Dead Nation is a new zombie game by Housemarque and while a new zombie game is hardly noteworthy the developer is. Their other big game was Super Stardust HD, an excellent title and my first purchase on my PS3. It is a game I still play years later and they have brought the same addictive magic to the excellent Dead Nation.
The game starts with an interesting opening cinematic that sets the tone of the zombie apocolypse and then you are given a choice to select a male or female hero. Their names are laughably bad (Jack McReady and Scarlett Blake) but they have an interesting twist when it is revealed that they are immune to the virus. Both characters have the same story path which is to find survivors a safe haven and if possible a cure. The story is told through well done images and voiceovers, and while the story is thin, it is engaging enough to advance you from scenario to scenario.
Putting the story aside, Dead Nation is a game all about killing hordes of zombies as you move from area to area. Thankfully Housemarque has taken their established control scheme from Super Stardust HD to this game to great effect. You move with the left stick, aim with the right and shoot with the L1 shoulder button. Other moves like a quick run, melee and throw items of mayhem are mapped to the other shoulder buttons. The controls work very well and once you really get used to looking in a different direction then you are moving you will be killing and evading zombies on a grand scale.
The game is presented in an isometric overhead view, pulled out quite far making this a game that needs to be played on a decent sized HD television to be appreciated. The graphics are amazing with light used in a very effective manner. Your hero has a flashlight that is always on and the permanently darkened areas have sporadic lighting that at times gutters out. The constant panning of light and noises coming from all around add a very intense feeling of danger at all times. No matter how tough my armor or powerful my weapons I always felt nervous if a light blinked out or if a loud growl was heard.
The maps you find yourself on are varied, while they are obviously designed with specific choke points and zombie spewing triggers, they are still well realized and fun to explore. The maps are always littered with refuse, wrecked vehicles and stores that are gutted and often boarded up with signage proclaiming that survivors used to be there. There was obvious care taken in making these environments look destroyed, abandoned and lifeless are incredibly effective in drawing you into the game.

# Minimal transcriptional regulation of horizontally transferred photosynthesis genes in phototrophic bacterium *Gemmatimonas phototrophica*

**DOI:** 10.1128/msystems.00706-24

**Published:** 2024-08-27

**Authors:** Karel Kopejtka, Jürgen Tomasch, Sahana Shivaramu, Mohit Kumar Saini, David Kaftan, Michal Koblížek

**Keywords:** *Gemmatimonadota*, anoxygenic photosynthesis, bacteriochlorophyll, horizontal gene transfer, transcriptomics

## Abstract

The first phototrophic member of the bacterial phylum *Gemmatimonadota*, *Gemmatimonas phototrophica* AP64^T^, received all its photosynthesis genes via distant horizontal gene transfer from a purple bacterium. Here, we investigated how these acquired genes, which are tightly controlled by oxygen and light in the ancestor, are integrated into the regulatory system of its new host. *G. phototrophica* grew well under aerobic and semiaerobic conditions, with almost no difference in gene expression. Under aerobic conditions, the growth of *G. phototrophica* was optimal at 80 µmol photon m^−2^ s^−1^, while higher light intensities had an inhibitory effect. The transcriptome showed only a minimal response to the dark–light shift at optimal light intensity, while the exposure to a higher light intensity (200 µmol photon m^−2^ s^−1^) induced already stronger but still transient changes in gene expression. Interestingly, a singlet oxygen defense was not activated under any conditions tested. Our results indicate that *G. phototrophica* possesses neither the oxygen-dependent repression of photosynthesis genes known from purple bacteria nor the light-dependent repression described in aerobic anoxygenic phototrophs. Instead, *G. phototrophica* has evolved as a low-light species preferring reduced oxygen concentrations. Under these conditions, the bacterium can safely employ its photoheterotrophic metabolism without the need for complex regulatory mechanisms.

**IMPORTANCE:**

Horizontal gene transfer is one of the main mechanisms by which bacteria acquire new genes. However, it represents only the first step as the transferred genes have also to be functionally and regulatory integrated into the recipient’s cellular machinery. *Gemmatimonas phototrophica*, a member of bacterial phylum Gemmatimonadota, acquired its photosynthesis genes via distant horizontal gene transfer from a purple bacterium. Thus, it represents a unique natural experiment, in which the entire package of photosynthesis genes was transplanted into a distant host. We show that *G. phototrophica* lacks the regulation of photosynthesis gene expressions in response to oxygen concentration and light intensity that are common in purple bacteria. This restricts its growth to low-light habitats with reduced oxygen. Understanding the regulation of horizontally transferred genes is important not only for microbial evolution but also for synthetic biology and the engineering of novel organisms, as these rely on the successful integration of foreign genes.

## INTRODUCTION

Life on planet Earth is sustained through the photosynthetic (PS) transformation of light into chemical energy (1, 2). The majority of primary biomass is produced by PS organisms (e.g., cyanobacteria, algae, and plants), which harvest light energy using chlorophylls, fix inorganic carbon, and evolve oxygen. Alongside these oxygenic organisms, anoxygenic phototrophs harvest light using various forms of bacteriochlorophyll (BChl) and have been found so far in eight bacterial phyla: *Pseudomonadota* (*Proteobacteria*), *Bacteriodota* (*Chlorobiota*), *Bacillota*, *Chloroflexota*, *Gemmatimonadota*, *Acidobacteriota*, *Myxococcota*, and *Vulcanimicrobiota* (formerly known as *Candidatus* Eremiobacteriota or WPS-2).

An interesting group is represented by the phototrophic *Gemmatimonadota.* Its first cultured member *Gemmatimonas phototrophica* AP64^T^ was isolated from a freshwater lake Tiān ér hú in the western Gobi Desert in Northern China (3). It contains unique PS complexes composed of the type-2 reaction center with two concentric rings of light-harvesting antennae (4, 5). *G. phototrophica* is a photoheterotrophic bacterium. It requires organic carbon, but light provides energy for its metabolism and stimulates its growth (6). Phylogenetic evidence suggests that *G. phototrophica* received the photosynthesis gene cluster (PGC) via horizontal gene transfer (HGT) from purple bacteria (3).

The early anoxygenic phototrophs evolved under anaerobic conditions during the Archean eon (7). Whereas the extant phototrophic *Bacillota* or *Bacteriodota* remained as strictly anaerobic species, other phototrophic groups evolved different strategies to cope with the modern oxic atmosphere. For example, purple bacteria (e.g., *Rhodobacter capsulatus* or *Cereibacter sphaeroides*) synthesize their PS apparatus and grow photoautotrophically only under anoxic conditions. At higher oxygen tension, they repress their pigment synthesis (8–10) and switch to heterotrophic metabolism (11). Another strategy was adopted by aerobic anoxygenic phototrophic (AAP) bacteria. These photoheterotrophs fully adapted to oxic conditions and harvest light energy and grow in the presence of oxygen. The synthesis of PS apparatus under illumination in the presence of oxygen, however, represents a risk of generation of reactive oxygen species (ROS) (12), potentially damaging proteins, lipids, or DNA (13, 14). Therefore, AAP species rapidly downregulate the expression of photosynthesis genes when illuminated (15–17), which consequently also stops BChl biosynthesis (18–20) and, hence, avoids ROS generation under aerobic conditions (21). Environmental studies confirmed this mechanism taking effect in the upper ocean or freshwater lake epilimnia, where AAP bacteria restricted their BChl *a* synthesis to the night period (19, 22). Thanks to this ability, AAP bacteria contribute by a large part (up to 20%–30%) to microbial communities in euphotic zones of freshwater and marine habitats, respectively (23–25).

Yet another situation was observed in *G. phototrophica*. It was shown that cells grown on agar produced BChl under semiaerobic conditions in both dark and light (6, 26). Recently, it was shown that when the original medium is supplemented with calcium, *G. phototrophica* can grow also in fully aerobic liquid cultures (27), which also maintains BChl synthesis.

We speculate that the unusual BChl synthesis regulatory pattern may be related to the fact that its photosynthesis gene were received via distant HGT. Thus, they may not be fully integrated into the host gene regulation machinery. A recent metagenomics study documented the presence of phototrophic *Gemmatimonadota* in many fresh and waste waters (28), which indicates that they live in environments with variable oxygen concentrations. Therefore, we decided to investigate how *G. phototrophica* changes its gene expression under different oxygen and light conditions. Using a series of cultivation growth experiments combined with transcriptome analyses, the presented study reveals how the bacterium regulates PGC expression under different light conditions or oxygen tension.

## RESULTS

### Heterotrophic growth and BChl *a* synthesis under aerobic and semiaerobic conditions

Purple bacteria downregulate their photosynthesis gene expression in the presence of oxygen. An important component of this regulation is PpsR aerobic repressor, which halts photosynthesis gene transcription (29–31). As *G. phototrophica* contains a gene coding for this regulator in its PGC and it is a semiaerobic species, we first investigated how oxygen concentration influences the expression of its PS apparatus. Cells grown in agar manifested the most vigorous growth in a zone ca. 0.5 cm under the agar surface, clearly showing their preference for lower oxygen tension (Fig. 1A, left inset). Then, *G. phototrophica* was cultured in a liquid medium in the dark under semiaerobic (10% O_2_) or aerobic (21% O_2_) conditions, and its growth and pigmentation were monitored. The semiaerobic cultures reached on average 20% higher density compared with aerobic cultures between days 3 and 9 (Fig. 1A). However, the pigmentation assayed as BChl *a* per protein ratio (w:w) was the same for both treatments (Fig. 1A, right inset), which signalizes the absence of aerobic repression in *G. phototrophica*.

The zombies themselves look amazing moving and even better being blown apart. There are many types from the easy kill older zombies to the hazmat and soldier zombies that are harder to kill and finally to the ‘boss’ type zombies that echo the boomer, tank and spitter types from Left 4 Dead. The varied zombies all move and act in typical zombie fashion. The obviously manufactured super zombies single mindedly search you out, the other types alternate between ignoring you and rushing in a blind frenzy. The engine Housemarque used for this game is amazing and the zombies look, move and die with amazing results. At times there are literally hordes of zombies on screen with nary a slowdown.
The game gives you plenty of weapons to deal with the zombie enemies. You start with an automatic rifle with unlimited clips but as you kill and explore you earn money that can be used to buy new weapons. There is everything from rocket launchers to SMG’s, and fantastical weapons like blade launchers and shock blasters. All of the weapons are upgradable and serve a purpose in the fight. There are also explosives like mines and grenades you can throw or plant. The environment also helps, car alarms can be triggered to lure zombies and then explode, fuel tanks and cans are also scattered adding some traps to trigger.
Dead Nation has a pretty meaty 5-6 hour campaign that can be played solo, in local co-op or online co-op. While Housemarque failed to add voice chat at launch (it is being patched in) the inclusion of online co-op is a great one. The online is not perfect, there is some lag and slowdown, but it plays just fine and is a great way to get through the higher difficulty levels. Dead Nation also has leaderboards that track which country is doing the best to combat the zombie apocalypse and tracks your progress as compared to other players.
I have heaped a lot of praise on the game but it is not quite perfect. The game uses light very well but in some cases it can simply be too dark. There are times you start getting damaged because the lower tier zombies are a darker color and blend in. The camera is pulled out a little too far in my opinion (just a little) and the fixed camera does cause some issues with visibility. The game is a blast to play but once you complete the campaign and restart you lose all your weapons and upgrades, although in multiplayer I still had my armor available. I understand there is a need for balancing, but try playing the Grim, or the crazy Undead difficulty level in Solo with base weapons, it is not for the faint of heart that is for sure.
These minor (and they are all minor) issues aside Dead Nation is a terrific game and well worth the price tag of 15 dollars. It is a great looking game with varied weapons, zombies and environments that are truly fun to experience. The fact that online co-op is available eases the transition to the higher, and brutal, difficulty levels making this a game you can play over and over and still have fun. Zombie games may be cliché, but Dead Nation is a terrific game that succeeds because of how great it is, not just because of the zombies.
Dead Nation is rated M (Mature) by the ESRB for Blood and Gore, Violence.